I'll skip the build-up and the ritual (it's Senegalese) and go straight to the conclusion:

He said, “You know, we had a lot of trouble with Western mental health workers who came here immediately after the genocide, and we had to ask some of them to leave.”

I said, “What was the problem?”

And he said, “Their practice did not involve being outside in the sun, like you’re describing, which is, after all, where you begin to feel better. There was no music or drumming to get your blood flowing again when you’re depressed, and you’re low, and you need to have your blood flowing. There was no sense that everyone had taken the day off so that the entire community could come together to try to lift you up and bring you back to joy. There was no acknowledgment that the depression is something invasive and external that could actually be cast out of you again.

“Instead, they would take people one at a time into these dingy little rooms and have them sit around for an hour or so and talk about bad things that had happened to them. We had to get them to leave the country.”

That makes a lot of sense!

I've never been affected with clinical depression, thanks to The God(ess)(es)(s) Of Your Choice, If Any, but I've been close enough to it, through SAD, that I know how overwhelmingly grateful I would be to have it "cast out," as in the story.

Submitted by hyperpolarizer on

Bravo to the Senegalese who threw these roosters out. I don't know if dancing would work for me (I have experienced a few bouts of clinical depression, but have learned to recognize the onset and deflect the attack)-- the point is, the people who went over there and got thrown out were, a) clueless about the norms and practices of the culture they were entering, and b) almost certainly clueless about the depth of suffering and horror that the local people had experienced.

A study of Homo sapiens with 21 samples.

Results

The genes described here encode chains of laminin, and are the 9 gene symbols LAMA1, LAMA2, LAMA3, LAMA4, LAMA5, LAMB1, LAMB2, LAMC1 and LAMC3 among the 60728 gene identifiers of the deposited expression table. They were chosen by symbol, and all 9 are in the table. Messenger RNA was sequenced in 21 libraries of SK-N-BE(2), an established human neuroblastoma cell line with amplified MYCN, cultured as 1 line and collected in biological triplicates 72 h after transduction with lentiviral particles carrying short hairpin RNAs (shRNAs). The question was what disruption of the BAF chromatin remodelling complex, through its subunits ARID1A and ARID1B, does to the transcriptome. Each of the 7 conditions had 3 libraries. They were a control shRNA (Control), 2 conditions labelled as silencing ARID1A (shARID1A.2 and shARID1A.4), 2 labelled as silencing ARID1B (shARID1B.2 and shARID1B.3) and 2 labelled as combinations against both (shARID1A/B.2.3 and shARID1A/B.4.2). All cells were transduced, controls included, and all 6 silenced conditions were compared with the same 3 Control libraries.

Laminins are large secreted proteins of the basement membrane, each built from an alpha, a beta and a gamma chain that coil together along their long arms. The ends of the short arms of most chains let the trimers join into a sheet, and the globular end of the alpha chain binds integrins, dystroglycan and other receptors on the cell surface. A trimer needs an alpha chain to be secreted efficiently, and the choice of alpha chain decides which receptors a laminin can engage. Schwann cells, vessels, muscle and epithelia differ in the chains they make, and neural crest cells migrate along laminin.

Something not recognized by people of non-African descent (which includes me, but I am married to an Afroamerican) is the fundamental importance of dance in African culture. Commentators were shocked to see mourners dancing at the Mandela obsequies; but this only shows their narrow view of dance, and what it can mean to Africans, and their descendants world wide.

V. Arnold's picture
Submitted by V. Arnold on

I am somewhat convinced that depression is over prescribed and grossly over medicated and grossly overly diagnosed.
Now, to counter the blizzard of objections to my opinion, let me say; I am aware there are people seriously, clinically, depressed who need real help, however that is presented.
Depression is a normal part of a healthy life, but America is in love with happiness and thinks that is the normal state of existence; um, no it isn't, nor should it be "normal".
Depression is a challenge that everybody faces at some point in their short life.
Do not get drugged out of dealing with it; it's a call to the present. Which many of us just try to ignore. We have no cultural methodology to deal with depression left to us.

The Senegalese (apparently) and many remaining third world cultures still have those mechanisms in place.

Modern psychology and psychiatry have reduced any actual wisdom they used to have(?), to prescribing the latest anti-depressant or other legal anti-psychotic medicines.

When human suffering is treated thus; we have lost the meaning of being human, IMHO.

hyperpolarizer's picture
Submitted by hyperpolarizer on

For what it's worth, and speaking from my own experience -- some episodes of debilitating depression, but never lasting more than I day, thank God, and never medicated -- depression -- however bad it may be-- is a rational response to the situation at hand. It may not be good, but it is not, as superficial medical fashion would have it, a result of mere chemical balance.

I am not saying it's good to be depressed, but I am saying that it's not crazy, and it's certainly not because your biochemistry is messed up. (In regards to which, I in fact hold a Ph. D. in biochemistry.)